The race to responsible artificial intelligence
Congress and Trump are out of step on intellectual property
The Trump administration started its trade war this year with China under the auspices of countering Beijing's theft of U.S. intellectual property. There is no doubt that China, with its Made in China 2025 plan, has been actively acquiring U.S. intellectual property for years. The U.S. intelligence community acknowledges that China is a leader in economic espionage. The Chinese government has required U.S. businesses to transfer technology to Chinese companies as a precondition of entering the Chinese market. Further, China and Chinese companies are investing heavily in U.S. companies to gain access to their underlying intellectual property.
The White House and Department of Commerce actions to reduce foreign IP theft is important but equally important is having a strong domestic policy. China does more than import IP from the U.S., it has consistently revised its laws to strengthen patent protection and is stepping up enforcement of intellectual property rights protection. So while China has strengthened its domestic patent system over the last 20 years, the U.S., thanks to Congress and the Supreme Court, has gone the other way.
American inventors and innovative companies have been under assault for more than a decade by Supreme Court decisions. At the same time, Congress pushed the U.S. patent system to new lows with legislation intended to eliminate abusive patent litigation. After 228 years since the first Patent Act, the U.S. should lead the world by a wide margin, but sadly the U.S. Chamber of Commerce now ranks the U.S. as 12th in the world, tied with Italy. The U.S. is still ranked ahead of China in overall intellectual property protection, but not for patent protection of key technologies necessary for our future economy. How did this happen?
The Supreme Court has had an obsession with patent issues over the past 20 years, having decided more than 30 patent related cases. These decisions are wide-ranging but have generally weakened U.S. patent protection in significant ways. The heavy erosion of patent rights started in 2006 when the court all but eliminated the ability of inventors to stop continued patent infringement, even after a successful trial. The Court then hurt inventors by lowering the standard required to show that their issued patents were obvious. In 2017, the Court changed what appeared to be settled law since 1990 that infringers could be sued in a jurisdiction where patent infringement occurred. That decision has forced inventors to challenge multiple infringers in numerous different courts, significantly increasing costs and time.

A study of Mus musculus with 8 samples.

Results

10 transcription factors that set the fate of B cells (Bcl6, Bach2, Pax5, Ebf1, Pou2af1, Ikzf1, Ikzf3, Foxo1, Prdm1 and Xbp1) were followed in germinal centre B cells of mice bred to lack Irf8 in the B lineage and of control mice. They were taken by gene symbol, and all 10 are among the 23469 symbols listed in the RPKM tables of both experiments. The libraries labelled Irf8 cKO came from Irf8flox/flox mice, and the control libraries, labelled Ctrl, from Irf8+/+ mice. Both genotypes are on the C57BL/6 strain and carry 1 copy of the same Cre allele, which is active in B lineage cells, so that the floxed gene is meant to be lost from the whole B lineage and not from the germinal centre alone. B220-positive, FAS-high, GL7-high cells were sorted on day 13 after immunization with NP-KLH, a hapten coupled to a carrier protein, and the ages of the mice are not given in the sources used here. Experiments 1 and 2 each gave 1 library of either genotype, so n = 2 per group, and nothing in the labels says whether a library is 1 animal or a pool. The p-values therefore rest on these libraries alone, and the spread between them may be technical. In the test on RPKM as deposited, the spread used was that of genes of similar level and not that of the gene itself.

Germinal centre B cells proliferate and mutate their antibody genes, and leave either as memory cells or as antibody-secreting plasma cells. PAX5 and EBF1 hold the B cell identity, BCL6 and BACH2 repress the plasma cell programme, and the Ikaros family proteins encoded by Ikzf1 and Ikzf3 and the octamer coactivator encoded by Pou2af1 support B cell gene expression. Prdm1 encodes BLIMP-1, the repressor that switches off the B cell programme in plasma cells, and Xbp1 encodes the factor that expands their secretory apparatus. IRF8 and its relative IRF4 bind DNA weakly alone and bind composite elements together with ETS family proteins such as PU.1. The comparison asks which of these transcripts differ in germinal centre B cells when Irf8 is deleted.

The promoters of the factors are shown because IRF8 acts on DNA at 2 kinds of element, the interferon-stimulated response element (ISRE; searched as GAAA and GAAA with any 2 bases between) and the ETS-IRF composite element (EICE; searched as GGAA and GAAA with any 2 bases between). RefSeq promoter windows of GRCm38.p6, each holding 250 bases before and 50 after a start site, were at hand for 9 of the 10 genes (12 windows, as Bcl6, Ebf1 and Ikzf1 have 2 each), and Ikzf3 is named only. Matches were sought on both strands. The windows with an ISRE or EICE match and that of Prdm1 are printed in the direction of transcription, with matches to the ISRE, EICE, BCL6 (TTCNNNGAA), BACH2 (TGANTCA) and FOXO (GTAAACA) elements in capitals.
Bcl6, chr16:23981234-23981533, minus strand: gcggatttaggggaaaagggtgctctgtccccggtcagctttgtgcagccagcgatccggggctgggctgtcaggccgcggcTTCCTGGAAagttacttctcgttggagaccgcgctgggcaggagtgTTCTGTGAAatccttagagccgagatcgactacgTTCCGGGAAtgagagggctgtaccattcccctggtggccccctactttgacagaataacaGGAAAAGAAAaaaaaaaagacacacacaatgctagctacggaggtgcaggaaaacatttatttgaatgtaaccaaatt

The coup de grace, however, has been the court's self-appointed mission to prevent patents from being granted in some of the most important technologies to our country's future economy, including software and medical diagnostics. Between 2011 and 2013, the court issued several rulings that turned patent protection on its head for high technology innovators. As a result, patent protection is now more robust in China.
If congressional leaders had recognized that the jobs of the future for the U.S. are in medical diagnostics, personalized medical treatments, artificial intelligence, the internet of things and self-driving cars, to name a few, it should have passed laws to overrule the court's anti-patent decisions and maintained a strong U.S. patent system. Instead, it spent a decade debating patent reform legislation intended to stop "patent trolls," a mythical creature ravaging business with bad patents. The siren song lobbied at Congress proved too strong to ignore and even lead Rep. Darrell Issa (R-Calif.) to recently state that "patent trolls, in my opinion, are the scourge of the patent world." While protecting small companies from abusive litigation has merit, Congress ignored clear warnings that genuine inventors and innovators would be trampled by their efforts to rid this scourge. As a result, Congress passed sweeping legislation in 2011 that created a fast and easy way to invalidate patents, regardless of who owned them or how they litigated those patents.
It remains to be seen if the Trump administration's tariff strategy to stem the tide of China's IP theft will work. Even if it does, Congress remains out of step with the White House. Protecting U.S. innovators does not stop with halting some Chinese IP theft. Congress must return true strength to our domestic patent system. One good place to start is the Support Technology and Research for Our Nation's Growth and Economic Resilience (STRONGER) Patents Act, H.R. 5340, introduced by Reps. Steve Stivers (R-Ohio) and Bill Foster (D-Ill.) and its companion Senate bill, S.1390, introduced last year by Sen. Chris Coons (D-Del.). These bills address some of the negative unintended consequences of the 2011 America Invents Act. To truly return America as a world leader in intellectual property protection, Congress must resolve to reverse the Supreme Court and allow our new industries to protect their innovations in the U.S, not China and Europe.
Russell Slifer is the former deputy under secretary of Commerce for Intellectual Property and deputy director of the United States Patent and Trademark Office, and a Principal at Schwegman, Lundberg & Woessner.